Fiscal Conservative, Social Liberal. This phrase, often coupled with a moderate political stance, demonstrates an individual’s support for LGBTQ+ rights and the pro-choice movement, but also support for conservative fiscal policies, such as lower taxes, small government, privatization, free trade, and deregulation of the economy. Support for this viewpoint can be found in Republican senator Marco Rubio saying he “would go attend a gay marriage,” and Republican senator Ted Cruz voicing support for states choosing their own marijuana legislature. While this viewpoint is shared by many across the country, it ultimately shows a shallow understanding of both national and world politics.
This is entirely due to the intertwining nature of fiscal and social policy, in the sense that the government institutes fiscal policies that affect social issues of our time. One of the most prominent is the cycle of poverty. With certain conservative policies that advocate for lower taxes, trickle down policies, and a distrust of welfare programs, they extenuate the cycle of poverty, often discriminating against marginalized individuals. In order to escape the cycle of poverty, one would have to acquire a job, which requires some sort of job training. Many of these people find it difficult to get a college degree due to cost or other factors, and even that does not guarantee them a job that will adequately support them. Their situation may or may not allow them to access this training. They may have small children or don’t have a car, which limits their access to tools that could potentially bring them out of their impoverished state. Children of poor parents are nearly guaranteed to also be impoverished. Additionally, poverty affects children of color disproportionately more than white children. In fact, children of color are four times more likely to be born into a poor family and face the issues that come with cyclical poverty.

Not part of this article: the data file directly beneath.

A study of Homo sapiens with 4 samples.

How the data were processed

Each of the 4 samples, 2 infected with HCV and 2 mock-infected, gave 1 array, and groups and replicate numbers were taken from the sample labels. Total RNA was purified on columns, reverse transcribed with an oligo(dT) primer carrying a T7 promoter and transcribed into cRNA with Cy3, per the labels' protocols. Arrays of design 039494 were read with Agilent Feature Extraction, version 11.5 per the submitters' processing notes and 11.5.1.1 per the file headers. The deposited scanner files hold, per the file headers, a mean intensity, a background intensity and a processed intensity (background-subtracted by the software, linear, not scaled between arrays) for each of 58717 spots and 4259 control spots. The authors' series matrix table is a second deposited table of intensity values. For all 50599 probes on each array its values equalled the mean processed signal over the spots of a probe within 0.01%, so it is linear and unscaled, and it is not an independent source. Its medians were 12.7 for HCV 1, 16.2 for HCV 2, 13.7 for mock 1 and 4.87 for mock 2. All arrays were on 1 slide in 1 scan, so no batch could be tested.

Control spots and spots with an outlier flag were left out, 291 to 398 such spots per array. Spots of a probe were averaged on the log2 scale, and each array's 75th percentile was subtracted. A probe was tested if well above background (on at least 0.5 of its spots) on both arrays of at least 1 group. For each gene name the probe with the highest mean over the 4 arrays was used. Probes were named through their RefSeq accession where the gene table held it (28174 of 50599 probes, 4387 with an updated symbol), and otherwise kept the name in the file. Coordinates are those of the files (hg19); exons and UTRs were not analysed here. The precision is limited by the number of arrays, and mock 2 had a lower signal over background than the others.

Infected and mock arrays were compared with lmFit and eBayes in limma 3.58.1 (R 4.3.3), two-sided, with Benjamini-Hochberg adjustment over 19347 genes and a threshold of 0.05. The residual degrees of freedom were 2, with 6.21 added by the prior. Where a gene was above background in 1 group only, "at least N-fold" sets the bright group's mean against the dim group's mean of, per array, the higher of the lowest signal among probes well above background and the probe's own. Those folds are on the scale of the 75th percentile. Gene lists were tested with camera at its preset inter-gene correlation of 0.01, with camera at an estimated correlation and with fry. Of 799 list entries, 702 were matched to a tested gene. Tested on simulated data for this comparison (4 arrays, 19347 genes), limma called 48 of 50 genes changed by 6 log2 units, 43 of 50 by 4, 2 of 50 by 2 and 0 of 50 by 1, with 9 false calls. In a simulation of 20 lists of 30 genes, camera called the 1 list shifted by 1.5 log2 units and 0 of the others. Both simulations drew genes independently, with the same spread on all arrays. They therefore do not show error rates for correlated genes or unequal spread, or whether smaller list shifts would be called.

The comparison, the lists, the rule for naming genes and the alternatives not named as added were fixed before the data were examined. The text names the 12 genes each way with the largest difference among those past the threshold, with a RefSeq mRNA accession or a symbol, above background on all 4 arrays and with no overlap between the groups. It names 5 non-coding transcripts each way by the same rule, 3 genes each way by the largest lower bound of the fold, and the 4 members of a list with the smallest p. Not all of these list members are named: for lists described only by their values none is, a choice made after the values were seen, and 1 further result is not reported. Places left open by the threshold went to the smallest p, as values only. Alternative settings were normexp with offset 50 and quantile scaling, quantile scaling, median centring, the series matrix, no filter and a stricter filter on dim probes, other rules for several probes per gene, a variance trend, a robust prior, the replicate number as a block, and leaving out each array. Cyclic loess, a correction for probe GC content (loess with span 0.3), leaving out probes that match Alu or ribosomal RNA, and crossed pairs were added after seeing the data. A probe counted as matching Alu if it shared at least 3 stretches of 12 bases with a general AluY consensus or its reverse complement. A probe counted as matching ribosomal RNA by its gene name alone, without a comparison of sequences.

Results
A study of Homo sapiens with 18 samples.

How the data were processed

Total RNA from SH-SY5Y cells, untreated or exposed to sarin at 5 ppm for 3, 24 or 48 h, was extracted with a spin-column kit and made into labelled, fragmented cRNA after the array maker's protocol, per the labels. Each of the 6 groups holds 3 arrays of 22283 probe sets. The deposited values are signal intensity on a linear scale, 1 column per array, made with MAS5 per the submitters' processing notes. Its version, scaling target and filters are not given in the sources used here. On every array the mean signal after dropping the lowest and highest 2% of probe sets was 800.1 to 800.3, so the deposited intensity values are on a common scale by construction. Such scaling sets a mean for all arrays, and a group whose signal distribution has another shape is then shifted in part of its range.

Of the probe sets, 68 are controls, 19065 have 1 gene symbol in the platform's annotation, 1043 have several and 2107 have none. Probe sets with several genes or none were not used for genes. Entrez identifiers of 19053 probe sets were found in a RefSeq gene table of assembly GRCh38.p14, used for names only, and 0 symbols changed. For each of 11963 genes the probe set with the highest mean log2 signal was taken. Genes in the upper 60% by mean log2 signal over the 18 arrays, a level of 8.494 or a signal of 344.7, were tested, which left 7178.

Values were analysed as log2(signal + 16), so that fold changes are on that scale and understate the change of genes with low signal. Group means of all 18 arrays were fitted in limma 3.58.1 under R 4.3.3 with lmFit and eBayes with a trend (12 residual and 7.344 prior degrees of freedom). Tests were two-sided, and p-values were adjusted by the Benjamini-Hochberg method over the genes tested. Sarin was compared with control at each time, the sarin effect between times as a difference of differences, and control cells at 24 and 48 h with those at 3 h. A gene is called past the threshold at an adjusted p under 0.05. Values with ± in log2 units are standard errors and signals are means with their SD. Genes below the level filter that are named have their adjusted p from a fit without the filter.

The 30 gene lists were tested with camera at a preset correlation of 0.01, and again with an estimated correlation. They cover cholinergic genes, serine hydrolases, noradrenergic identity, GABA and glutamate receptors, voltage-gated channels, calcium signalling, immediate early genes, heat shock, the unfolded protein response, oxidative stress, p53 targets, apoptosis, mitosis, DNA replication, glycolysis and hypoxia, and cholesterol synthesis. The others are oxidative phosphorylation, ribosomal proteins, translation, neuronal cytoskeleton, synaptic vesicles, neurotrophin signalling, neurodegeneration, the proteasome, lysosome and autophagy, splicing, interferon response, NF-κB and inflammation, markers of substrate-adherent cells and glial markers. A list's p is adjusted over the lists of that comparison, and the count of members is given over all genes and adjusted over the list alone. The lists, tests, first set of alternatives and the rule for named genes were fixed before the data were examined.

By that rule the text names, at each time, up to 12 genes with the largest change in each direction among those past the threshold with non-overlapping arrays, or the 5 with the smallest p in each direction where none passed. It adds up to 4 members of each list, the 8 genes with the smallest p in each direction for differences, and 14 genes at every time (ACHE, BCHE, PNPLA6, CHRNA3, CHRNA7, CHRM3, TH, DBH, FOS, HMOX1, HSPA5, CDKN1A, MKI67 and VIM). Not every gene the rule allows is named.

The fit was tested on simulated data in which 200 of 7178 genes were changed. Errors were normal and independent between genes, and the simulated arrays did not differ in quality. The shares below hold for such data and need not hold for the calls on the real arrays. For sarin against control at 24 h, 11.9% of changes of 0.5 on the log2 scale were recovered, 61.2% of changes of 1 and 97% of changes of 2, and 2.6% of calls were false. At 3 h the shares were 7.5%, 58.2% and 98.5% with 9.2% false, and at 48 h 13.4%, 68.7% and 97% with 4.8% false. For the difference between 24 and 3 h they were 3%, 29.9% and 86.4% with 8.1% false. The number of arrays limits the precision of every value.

This is when conservative fiscal policies come into play and ultimately hurt the impoverished by extending the cycle. They downplay the necessity of higher taxes that would contribute to a better quality of life. They decrease funding for colleges and universities, which, in turn, decreases the scholarships and merit aid that is granted to increase job security. Because of this, those who claim fiscal conservatism and social liberalism neglect key social issues of our time, making their political stance insufficient.
Dozens of other examples of this exist. Fiscal conservatives tout free trade policies that boast of cheap production costs, but ultimately hurt people overseas. Children work for cents a day, without any form of minimum wage or safety policies. They privatize prisons, which create monetary incentives for the government to create criminals, rather than catch them. Mass incarceration, especially of those who are unfairly convicted, is a huge social issue that so-called fiscal conservatives ignore.
While many believe that fiscal and social issues are divergent, it is exactly the opposite. Their intertwining nature makes it clear that they cannot escape one another. Fiscal policies instituted by the government deeply affect the social workings of both our national and global community. Those who truly believe that these issues can be separated delude themselves into believing that they are somehow above the political fray or able to be a true moderate. This idea of “fiscal conservative, social liberal” is completely false.